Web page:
Victoria’s Secret: Angels and Demons Review 2022 Tv Show Series Season Cast Crew
Victoria’s Secret is a brand that — like all of the most successful retail companies — sold its customers something they didn’t yet know they wanted. And that audience’s outgrowing the fantasy would have, in and of itself, made for an interesting business story.
But director Matt Tyrnauer — known for superlative documentaries including “Scotty and the Secret History of Hollywood” — had still more to work with in his new series “Victoria’s Secret: Angels and Demons.” The impossible-to-untangle stories of CEO Les Wexner, the retail genius behind a suite of stores in the peak-retail-era shopping mall, and of his seeming shadow, Jeffrey Epstein, make for an increasingly creepy tale of American ambition and overreach, all centered around the female body.
Through interviews and archival footage, Tyrnauer seeks not to solve but to examine this conundrum, depicting the brand’s rise from soft-core catalog to heavily leveraged fashion show and model showcase amid behind-closed-doors scandals involving the corporate suite and the toxic force within. Cleverly, he front-loads the sunny depictions of the company’s early days and Wexner’s work, after his 1982 takeover, in making it a force. The complications are seeded early, set up to explode later.
For a while, things are uplifting! Credit is due, and is given, to Wexner: It is now unimaginable that the lingerie market was once considered outré, given how blithely the brand eventually came to stomp all over the culture. Under Wexner’s leadership, Victoria’s Secret established reliable berths across American malls, amped up a just-short-of-pulpy direct-mail business, and launched a televised “fashion show” intended to frame the “Angel” models as the arbiter of gleeful, cheeky fantasy.
Wexner’s retail genius was, specifically, exclusionary, and tended towards the white and the slight. (So much so that the audience fell away, leading the company’s bombastic statement of purpose, the Victoria’s Secret Fashion Show, to fall off TV airwaves after a final attempt at regaining past viewership in 2018.) Talking heads, including Heidi Zak, the founder of upstart competitor ThirdLove, and former Victoria’s Secret Angel Lyndsey Scott, address the company’s tendency to drill down on an image, and a sense of itself as the final judge of what was and was not “sexy.” That sense relied upon circumscribed rules around race and, especially, body type that our society may just have grown beyond. (A segment about the company’s extending to teen girls with the “Pink” line turned my stomach.) Today, the company is so specifically tied to an image of an unattainably fit woman in wings, strutting a runway, that it might be hard to see its next act clearly.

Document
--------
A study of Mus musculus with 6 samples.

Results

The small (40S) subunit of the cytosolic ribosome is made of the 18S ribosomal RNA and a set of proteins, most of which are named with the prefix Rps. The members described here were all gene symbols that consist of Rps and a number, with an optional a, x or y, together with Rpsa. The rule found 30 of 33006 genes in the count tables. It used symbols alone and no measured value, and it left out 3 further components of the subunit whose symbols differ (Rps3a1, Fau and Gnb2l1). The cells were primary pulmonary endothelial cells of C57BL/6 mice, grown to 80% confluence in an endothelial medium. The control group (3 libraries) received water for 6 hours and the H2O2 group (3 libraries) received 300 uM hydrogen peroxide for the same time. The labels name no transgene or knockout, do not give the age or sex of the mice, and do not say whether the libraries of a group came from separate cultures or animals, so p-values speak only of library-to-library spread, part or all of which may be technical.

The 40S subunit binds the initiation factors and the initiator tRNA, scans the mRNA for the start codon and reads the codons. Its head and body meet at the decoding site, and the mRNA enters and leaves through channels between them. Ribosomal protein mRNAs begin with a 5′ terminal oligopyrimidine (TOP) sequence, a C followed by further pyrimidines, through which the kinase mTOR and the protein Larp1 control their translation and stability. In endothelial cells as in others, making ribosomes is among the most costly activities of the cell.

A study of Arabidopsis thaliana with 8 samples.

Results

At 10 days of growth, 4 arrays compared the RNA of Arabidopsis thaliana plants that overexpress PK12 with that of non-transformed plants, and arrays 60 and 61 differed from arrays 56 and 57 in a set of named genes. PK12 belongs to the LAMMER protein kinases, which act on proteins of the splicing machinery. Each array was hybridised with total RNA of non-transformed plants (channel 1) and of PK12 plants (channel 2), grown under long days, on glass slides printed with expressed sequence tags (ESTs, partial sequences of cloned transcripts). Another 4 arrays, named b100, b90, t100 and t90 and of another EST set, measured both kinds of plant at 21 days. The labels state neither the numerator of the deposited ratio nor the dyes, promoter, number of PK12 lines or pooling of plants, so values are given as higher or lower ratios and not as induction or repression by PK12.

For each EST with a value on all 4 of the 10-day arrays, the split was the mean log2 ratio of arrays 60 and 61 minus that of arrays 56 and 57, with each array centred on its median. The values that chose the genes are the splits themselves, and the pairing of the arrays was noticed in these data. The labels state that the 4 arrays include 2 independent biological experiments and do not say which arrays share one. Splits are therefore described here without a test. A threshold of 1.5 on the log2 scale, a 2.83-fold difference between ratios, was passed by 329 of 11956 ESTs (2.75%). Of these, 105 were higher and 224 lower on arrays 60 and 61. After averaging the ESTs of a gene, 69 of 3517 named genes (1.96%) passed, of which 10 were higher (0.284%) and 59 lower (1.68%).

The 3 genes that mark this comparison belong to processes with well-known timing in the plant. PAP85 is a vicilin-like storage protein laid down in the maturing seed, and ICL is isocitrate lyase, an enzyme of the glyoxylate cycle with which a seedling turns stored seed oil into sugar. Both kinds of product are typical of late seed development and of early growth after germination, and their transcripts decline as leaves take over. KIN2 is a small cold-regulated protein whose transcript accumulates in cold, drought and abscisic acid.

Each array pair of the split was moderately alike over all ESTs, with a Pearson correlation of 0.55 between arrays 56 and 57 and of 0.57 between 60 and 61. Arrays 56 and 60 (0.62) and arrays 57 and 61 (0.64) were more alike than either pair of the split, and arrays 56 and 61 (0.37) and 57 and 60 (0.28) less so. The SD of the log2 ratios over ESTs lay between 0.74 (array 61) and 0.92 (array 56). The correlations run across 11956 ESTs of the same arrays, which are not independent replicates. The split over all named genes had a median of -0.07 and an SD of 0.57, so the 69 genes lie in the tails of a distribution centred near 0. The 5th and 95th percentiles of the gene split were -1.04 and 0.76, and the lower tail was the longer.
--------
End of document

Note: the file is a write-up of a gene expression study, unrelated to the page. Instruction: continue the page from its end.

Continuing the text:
Perhaps what viewers are likely coming for, though, are the ties between Wexner and the late Epstein, things that have been less in public sight than the Angels’ fall from grace. They will not be disappointed. As text at the end of the first episode informs us, through attorneys, Wexner, who was not made available for an interview for this series, serially denies knowledge of the ways in which Epstein is said to have leveraged his identification with the brand to prey on women; Wexner admits to having been informed on one occasion that Epstein improperly claimed an association with the company. What is alleged throughout, about Epstein using Wexner and the brand to finance his lifestyle in its earliest toxic flourishing, tells a different story, one of an out-of-control egomaniac using corporate wealth to launder his appetites.
This could all too easily feel coincidental: A (now-)world-famous sex pest happens to find himself in the midst of the company redefining what sexy looks like for American women. But Tyrnauer, a filmmaker as well as a journalist who worked for Vanity Fair, has a reporter’s curiosity and an observer’s intuition about the glossy sides of powerful entities, and what lies behind them. And, while he is not immune to the tendency to treat Epstein as a somewhat supernaturally seductive Svengali figure (how else could he have gotten into so many rooms, or gotten Wexner to give him power of attorney?) he carefully situates the man within a universe in which women are being used, for their images or for something else entirely.
What is most dazzling here is not, consistently, new; it is, however, marshalled exceptionally well. Just as the New York Times’ “Framing Britney Spears,” first broadcast on FX and Hulu, might have prompted celebrity-gossip fans to re-evaluate their enjoyment of past Us Weekly covers, this series exists as an intriguing and startling statement about just how many buried assumptions and associations lie beneath the wings that defined shopping for a while. Those eager to learn more about a familiar brand-name will get much out of it; those looking for a nostalgia trip about the glory days of Angel fashion shows will emerge bleary-eyed.